COVID Hysteria Could Destroy A Generation

Thursday, Sep 16, 2021 - 08:30 PM

Authored by Rikki Schlott, op-ed via The Epoch Times,

Initial stay-at-home orders and widespread closures were implemented in a state of panic and uncertainty as COVID-19 quickly swept through the world. Without data, these measures were initially popularly accepted. Two weeks to stop the spread of a novel disease struck most citizens as more than reasonable.

But, as the months have dragged on, the ongoing implementation of lockdowns as a long-term, blunt-force tool has been an utter failure. With more data and information coming to light, many policymakers have failed to reinvestigate and reform their precautionary measures, thus increasingly acting both in conflict with science and in violation of liberties.

This is especially true of school closures. As we accrued more and more studies and demographical data about how COVID-19 impacts children, the findings have largely been a blessing. The risk of COVID-19 to small children is astronomically low, and the risk of transmission between students and their teachers is hugely unlikely.

After months of our kids suffering ill-effects of lockdowns, this should have been a cause for celebration and impetus to cautiously but excitedly reopen our schools. And, yet, closures have continued to drag on in many areas of the country—much to the detriment of students and their families alike.

Lockdowns have robbed children of a formative year of life, imprisoning them in their homes despite their negligible health risk. Basic socialization, formative lessons, and developmental milestones have all been stolen from them.

Many working parents have been forced to double as teachers. Private schools remained open while public schools across the street were shuttered. Socioeconomic divides have been exacerbated. But, for all the logistical consequences our children have faced from lockdown policies, our more consequential failure of them may very well be an ideological one.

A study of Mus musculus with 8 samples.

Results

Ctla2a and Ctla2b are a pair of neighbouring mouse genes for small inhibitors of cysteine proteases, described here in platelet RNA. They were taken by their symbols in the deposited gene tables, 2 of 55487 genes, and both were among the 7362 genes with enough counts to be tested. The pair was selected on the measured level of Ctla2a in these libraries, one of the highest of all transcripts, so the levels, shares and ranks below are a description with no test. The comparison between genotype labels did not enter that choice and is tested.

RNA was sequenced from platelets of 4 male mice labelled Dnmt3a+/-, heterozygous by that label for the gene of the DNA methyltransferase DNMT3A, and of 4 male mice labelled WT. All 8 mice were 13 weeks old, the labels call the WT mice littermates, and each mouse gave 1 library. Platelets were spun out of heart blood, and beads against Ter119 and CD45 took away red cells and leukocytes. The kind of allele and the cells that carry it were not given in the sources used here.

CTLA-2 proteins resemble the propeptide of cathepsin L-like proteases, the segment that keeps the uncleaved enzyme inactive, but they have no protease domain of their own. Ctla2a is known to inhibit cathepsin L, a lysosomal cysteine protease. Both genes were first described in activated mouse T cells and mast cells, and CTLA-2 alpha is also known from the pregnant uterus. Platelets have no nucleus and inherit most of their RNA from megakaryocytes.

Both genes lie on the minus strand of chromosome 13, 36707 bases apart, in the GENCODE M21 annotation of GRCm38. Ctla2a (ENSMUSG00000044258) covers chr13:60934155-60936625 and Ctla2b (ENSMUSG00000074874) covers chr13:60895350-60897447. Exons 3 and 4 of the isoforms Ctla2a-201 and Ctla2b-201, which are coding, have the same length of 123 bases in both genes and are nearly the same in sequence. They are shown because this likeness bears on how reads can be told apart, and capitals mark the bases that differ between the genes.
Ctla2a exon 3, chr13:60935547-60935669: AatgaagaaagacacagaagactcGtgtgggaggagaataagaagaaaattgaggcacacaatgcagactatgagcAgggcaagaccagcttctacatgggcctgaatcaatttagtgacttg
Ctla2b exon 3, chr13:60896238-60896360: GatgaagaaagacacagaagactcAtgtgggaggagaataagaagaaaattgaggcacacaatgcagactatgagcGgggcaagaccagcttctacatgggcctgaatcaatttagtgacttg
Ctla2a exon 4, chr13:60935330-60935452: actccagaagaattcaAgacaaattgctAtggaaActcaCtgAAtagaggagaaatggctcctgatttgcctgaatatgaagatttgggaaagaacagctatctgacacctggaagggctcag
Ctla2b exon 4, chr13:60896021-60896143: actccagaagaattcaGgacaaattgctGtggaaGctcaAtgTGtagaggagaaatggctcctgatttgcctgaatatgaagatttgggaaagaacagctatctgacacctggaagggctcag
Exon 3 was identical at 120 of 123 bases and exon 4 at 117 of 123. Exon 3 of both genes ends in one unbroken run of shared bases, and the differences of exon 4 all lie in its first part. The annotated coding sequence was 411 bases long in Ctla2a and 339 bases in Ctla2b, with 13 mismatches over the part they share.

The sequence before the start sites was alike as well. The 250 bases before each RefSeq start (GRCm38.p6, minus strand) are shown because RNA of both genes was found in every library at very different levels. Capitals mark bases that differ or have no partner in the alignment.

Our children look up to us—their parents, their teachers, their communities—to take the lead, to provide guidance, and in the process to instill the skill of rational decision-making. But, in the past year amid pandemic hysteria, the adults around them have set a terrible example.

Deference to authority has been the theme of the pandemic:

  • Don’t buy masks, they don’t work. Now they do work, and your life depends on them. 

  • The lab leak is an alt-right conspiracy theory. Now it’s likely fact.

  • COVID transmits indoors. Let’s close the public parks.

  • Mom and pop shops better board up. But Walmart is open.

  • Businesses are closed. But not for the politicians who need a blowout or gourmet dinners with lobbyists.

  • The list goes on and on...

Despite the contradictions, changing narrative, and blatant hypocrisy, many individuals have continued to toe the line. They dine for an hour at a dinner table in a crowded restaurant but put a mask on to walk out the door. They have chosen blind deference and performative virtue signaling over critical thinking and individual autonomy.

By following arbitrary rules and by failing to critically examine their own choices, adults have failed the children that look up to them when it mattered most. They have chosen a “because [insert authority figure here] said so” mindset over critical thinking. In the process, many parents missed a teaching opportunity.

As the science developed and risk ebbed and flowed, the pandemic presented a great learning opportunity for young people. Critical questions abound: What is my individual risk? What precautions work? How do I protect those around me? What risk am I willing to tolerate? How do I operate as a responsible citizen in a time of crisis?

Opportunities to scrutinize the science, to analyze data, to engage with cost-benefit analyses, and to make wise, informed decisions were abundant. It was a teaching opportunity that many missed, but the children of cognizant parents will reap the rewards.

We must admit when our initial policies have been wrong, and reform them in light of new evidence. We must reject sweeping, unscientific regulations and embrace personal responsibility. We must exercise reasonable caution while engaging in critical cost-benefit analysis.

If we continue to fail in this endeavor, we risk raising a generation that favors blind deference over critical thinking, and herd mentality over personal accountability.